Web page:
The 700 Club with Pat Robertson


Dan Stratton: The Wall Street Preacher

The 700 Club


Dan was born in a small town near St. Paul, Minnesota.  He was the first of six children.  When Dan was 14, his dad suffered a debilitating injury from an industrial accident that kept him out of work for two years.  The Stratton family had to live on food stamps to survive.  His mother took a job cleaning houses to bring in some form of income.  In 1977, there were no family college funds, but he had become an accomplished athlete.  Recruiters from several colleges pursued Dan but he was overjoyed that Yale University chose him to play on the football team.  His long hair and unique wardrobe caused Dan to stand out in a crowd.  He was teased unmercifully.  No one else in Dan’s family ever passed beyond a high school level of education.  While at Yale, Dan was always on the verge of running out of money.  He never knew whether he would come short of tuition and end up having to drop out of school.  In the cafeteria every day, Dan was fearful that he might be on the list of students who couldn’t eat that day.  To earn additional money, Dan worked for a nearby hospital doing bookkeeping and worked in a cafeteria down the street. 

After graduation, Dan moved to New York City and applied for jobs on Wall Street.  “I didn’t even have a business suit,” says Dan.  He started working for J. Aron and Company, now a Fortune 500 and Global 500 company, trading commodities, mainly gold and platinum.  Dan never thought he would land a prestigious job.  The floor of the commodities exchange was fast-paced and feverish.  Dan says this is where he learned to be confident and bold.  By the time he was 24, Dan started his own trading company and by 1984 he was experiencing the fruits of his labor.

Dan met Ann, a Christian, who invited him to church.  In October of 1984, Dan gave his life to the Lord.  He was the only trader who read his Bible on the floor of the commodities market.  Dan put out a box for questions and answers about his new found faith.  “The persecution I experienced at Yale was nothing compared to the battles I endured there in New York as a Christian commodities trader,” says Dan.  “My ministerial training came through preaching on the hostile floor of the commodities exchanges.” Dan would respond to the questions, both critical and humorous, with a letter.  Soon the letter grew to a readership of more than 1,000.  This led to a Bible study and prayer meeting in Dan’s office on the ninth floor of the World Trade Center, Building 4.  Those new believers grew into Faith Exchange Fellowship.  Dan’s style combines the gospel message with capitalist individualism and sound business practices.  He’s unashamedly a millionaire pastor who reminds us that wealth was God’s idea.  “It says in the book of Timothy that the love of money is the root of all evil.  Not money.  You need money to carry out God’s purposes,” says Dan.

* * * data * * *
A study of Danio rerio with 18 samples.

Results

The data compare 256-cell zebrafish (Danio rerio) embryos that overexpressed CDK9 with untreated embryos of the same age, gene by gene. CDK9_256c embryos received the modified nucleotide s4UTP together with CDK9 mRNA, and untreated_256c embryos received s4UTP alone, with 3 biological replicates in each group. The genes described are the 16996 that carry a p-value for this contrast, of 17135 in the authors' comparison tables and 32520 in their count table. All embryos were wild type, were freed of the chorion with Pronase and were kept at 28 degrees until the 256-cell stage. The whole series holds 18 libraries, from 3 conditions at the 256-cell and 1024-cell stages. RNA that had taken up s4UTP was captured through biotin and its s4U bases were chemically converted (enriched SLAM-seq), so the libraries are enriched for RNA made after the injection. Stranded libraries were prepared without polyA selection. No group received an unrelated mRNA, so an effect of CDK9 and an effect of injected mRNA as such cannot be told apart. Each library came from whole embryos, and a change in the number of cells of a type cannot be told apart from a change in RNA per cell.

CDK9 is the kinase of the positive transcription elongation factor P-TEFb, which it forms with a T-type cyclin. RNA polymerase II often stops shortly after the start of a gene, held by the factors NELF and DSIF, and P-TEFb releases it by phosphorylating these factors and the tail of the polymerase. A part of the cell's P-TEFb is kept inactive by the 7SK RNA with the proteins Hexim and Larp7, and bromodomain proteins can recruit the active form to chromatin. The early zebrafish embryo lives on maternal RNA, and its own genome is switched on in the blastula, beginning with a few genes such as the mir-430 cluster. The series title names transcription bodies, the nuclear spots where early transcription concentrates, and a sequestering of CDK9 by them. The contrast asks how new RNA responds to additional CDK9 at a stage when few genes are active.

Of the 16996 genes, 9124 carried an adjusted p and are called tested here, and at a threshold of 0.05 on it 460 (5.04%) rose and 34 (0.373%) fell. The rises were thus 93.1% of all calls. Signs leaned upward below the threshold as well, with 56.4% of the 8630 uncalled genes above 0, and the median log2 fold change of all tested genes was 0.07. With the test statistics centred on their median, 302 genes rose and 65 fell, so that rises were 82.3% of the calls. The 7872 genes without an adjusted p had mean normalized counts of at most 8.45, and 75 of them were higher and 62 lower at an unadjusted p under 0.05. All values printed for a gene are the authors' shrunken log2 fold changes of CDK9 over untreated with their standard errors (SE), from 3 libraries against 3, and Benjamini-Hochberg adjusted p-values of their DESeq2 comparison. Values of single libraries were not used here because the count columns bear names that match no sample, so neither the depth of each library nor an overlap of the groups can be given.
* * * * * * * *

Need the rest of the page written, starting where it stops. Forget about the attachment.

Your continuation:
In January 1999, Dan retired from full-time trading to devote his time to pastoring his church.  Dan and Ann went from a 7-figure annual income to living off of his investment income and offerings only.  Although he retained millionaire status, the sudden disappearance of that 7-digit income meant some significant changes in the Stratton household.  Some of them were not easy to make.  He also developed ProVision Network, an organization designed to unite the Body of Christ through business people, entrepreneurs, professionals, and companies who are dedicated to financing the harvest through their local churches, ministries, and outreaches.  “We are all called to do something great,” says Dan. “But none of us can do it alone.”

Their church was destroyed in the terrorist attacks in September 2001.  Miraculously, though 80 percent of their congregation worked in the WTC area, no lives were lost nor injuries occurred.  Currently, their church meets in a ballroom of the Marriott Financial Center Downtown Hotel on West Street.